Tuesday, April 24, 2012

Freebie Alert! National Parks Week Is Now


From April 21 through April 29, US national parks are waiving entry fees. That's right: every single national park will be free. So, whether you're dreaming of heading to Maui's Haleakala or the Big Island's Hawaii Volcanoes, you won't pay a cent. (Of course, some parks are free year-round, like the Big Island's Puuhonua o Honaunau, but that's a story for another day.)


Visit this National Park Week site to find out about special events happening at parks across the country. April 28 is National Junior Ranger Day, too. (Kids can earn their badges at almost any national park year-round, or even online at home).


And since the national parks are letting you in for free, why not give back by helping them out with a volunteer project? Even if you missed the public programs on Earth Day (April 21), you can still find an opportunity to help out near you, wherever you live, just by searching the volunteer database.


What's your all-time favorite national park for hiking, anywhere in the USA? Tell us where we should travel next by leaving a comment below!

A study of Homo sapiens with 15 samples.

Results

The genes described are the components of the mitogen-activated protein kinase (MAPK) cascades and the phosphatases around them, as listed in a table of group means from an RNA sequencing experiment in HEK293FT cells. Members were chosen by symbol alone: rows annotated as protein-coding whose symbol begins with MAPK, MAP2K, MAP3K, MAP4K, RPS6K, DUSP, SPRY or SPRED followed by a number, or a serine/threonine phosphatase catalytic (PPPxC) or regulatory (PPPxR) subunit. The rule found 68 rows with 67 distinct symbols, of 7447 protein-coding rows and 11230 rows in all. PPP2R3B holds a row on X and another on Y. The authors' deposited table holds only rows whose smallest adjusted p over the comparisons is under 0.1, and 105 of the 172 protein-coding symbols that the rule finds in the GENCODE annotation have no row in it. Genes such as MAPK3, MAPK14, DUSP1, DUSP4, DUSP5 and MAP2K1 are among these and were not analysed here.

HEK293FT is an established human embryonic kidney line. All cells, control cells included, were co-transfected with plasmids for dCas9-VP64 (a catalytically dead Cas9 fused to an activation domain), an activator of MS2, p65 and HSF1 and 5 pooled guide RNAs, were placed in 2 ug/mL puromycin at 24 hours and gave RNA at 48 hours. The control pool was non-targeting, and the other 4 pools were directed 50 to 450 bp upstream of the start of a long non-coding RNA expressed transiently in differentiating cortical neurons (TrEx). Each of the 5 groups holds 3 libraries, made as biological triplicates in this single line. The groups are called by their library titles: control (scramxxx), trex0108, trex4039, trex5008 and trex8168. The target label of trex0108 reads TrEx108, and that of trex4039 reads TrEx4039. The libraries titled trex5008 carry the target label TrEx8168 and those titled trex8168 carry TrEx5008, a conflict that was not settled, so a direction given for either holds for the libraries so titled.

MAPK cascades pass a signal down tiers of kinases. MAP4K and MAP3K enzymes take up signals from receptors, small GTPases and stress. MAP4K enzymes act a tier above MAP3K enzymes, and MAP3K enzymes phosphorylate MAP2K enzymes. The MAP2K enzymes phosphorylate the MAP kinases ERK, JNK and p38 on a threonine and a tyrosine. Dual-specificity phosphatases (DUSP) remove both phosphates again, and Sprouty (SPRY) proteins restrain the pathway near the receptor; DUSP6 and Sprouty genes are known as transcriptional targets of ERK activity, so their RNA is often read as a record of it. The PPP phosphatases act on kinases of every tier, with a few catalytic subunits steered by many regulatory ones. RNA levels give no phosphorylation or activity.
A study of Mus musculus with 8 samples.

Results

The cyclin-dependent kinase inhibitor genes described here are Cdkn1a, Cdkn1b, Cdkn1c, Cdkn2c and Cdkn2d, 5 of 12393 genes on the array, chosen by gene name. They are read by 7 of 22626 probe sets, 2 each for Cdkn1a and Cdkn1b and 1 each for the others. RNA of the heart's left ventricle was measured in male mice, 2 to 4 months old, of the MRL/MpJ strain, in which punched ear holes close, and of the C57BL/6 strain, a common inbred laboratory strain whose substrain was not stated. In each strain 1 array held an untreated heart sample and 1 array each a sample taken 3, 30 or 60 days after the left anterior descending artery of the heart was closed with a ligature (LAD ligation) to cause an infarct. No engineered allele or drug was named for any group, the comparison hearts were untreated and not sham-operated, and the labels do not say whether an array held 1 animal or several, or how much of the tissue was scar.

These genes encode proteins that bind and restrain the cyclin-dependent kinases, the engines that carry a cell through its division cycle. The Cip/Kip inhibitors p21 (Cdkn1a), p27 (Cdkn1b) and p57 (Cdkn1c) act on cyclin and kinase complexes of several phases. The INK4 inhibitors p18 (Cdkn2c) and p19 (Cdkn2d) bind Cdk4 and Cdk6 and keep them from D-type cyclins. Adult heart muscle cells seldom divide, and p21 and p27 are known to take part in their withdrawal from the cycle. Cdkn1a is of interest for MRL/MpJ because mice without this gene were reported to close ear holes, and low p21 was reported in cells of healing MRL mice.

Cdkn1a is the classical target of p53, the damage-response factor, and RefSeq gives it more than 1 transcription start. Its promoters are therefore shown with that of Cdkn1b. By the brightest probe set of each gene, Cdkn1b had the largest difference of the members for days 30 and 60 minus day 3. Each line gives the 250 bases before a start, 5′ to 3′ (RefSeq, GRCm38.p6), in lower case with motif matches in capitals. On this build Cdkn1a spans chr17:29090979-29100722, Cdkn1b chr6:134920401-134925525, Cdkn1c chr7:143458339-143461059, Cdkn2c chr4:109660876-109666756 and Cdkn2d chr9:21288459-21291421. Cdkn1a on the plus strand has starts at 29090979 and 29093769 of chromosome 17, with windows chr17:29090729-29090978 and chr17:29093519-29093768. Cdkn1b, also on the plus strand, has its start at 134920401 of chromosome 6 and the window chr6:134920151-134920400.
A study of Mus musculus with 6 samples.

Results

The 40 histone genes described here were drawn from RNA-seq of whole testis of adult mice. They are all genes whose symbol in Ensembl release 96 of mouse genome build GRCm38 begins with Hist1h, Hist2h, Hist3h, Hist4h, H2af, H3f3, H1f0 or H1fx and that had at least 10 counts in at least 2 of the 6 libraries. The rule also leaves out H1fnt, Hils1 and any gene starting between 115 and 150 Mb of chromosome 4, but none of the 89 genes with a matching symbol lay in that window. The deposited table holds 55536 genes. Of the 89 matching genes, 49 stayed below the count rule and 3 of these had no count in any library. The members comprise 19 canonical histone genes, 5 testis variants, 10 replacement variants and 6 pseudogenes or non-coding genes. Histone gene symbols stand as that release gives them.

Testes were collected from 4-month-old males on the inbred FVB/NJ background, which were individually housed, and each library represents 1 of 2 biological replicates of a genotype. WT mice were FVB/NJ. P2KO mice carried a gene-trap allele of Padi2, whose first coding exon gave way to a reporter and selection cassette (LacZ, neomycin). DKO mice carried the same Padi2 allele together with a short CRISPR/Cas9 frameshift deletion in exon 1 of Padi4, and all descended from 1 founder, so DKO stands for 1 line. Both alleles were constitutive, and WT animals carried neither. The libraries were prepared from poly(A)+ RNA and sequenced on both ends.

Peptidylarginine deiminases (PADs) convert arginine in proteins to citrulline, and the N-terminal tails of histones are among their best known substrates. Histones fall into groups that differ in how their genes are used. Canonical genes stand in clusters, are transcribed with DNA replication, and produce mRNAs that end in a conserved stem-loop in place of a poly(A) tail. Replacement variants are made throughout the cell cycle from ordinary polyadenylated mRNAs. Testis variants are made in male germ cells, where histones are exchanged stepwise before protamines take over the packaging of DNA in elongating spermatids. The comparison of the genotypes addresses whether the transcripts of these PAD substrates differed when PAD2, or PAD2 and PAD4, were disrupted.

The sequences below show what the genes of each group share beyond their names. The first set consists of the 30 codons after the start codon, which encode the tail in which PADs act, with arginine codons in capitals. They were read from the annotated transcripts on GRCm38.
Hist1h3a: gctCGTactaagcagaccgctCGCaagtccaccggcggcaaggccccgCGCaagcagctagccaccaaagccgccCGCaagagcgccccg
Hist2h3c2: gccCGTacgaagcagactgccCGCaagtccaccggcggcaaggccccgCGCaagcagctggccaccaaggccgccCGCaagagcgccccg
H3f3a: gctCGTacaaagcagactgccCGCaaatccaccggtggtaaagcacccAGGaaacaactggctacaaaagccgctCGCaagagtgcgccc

Related posts:
Wild Weather High on Hawaii's Haleakala Volcano
Go Green, Local Style in Hawaii: Maui Edition
Are US National Parks Now Too Noisy for Hikers?


Photo: Haleakala National Park (Michael Connolly Jr.) 

Friday, April 13, 2012

Hawaii: Go Green, Live Local & Save Money, Too

Ever dream of vacationing in Hawaii, only to have your Polynesian island fantasies come crashing down on dry land once you find out how much a hotel or condominium and a rental car are going to cost? The budget-saving solution: travel more like local residents live, shrink your carbon footprint, and then you won't have to break the bank.


Over on Gogobot, a social travel network that's a real resource for independent DIY travelers, I've been doing a series of columns that tell many of my secrets for green, local and budget travel in Hawaii. Years of living, working and traveling all around the islands has taught me that the most unforgettable trips are often the cheapest.


Camping, hiking, hanging out at beaches, and learning about Hawaiian culture and history all cost less than one night squeezed in a tiny beachfront resort hotel room with mai tai cocktails. Plus you'll get better acquainted with a more authentic side of Hawaii, both its multicultural traditions and its hang-loose-outdoors contemporary lifestyle.




Check out my guest post with travel tips for Maui on Gogobot. If you've got your own money-saving, eco-travel ideas to share, leave a comment here or over there. My first post in this Hawaii eco-travel series: Oahu. Next up: Kauai on April 24. Aloha!


Related posts:
Go Green, Local Style in Hawaii: Maui Edition
Go Green, Local Style in Hawaii: Oahu Edition
My NPR Interview: Hiking and Ecotourism in Hawaii


Photos: West Maui (Sara J. Benson & Michael Connolly, Jr.)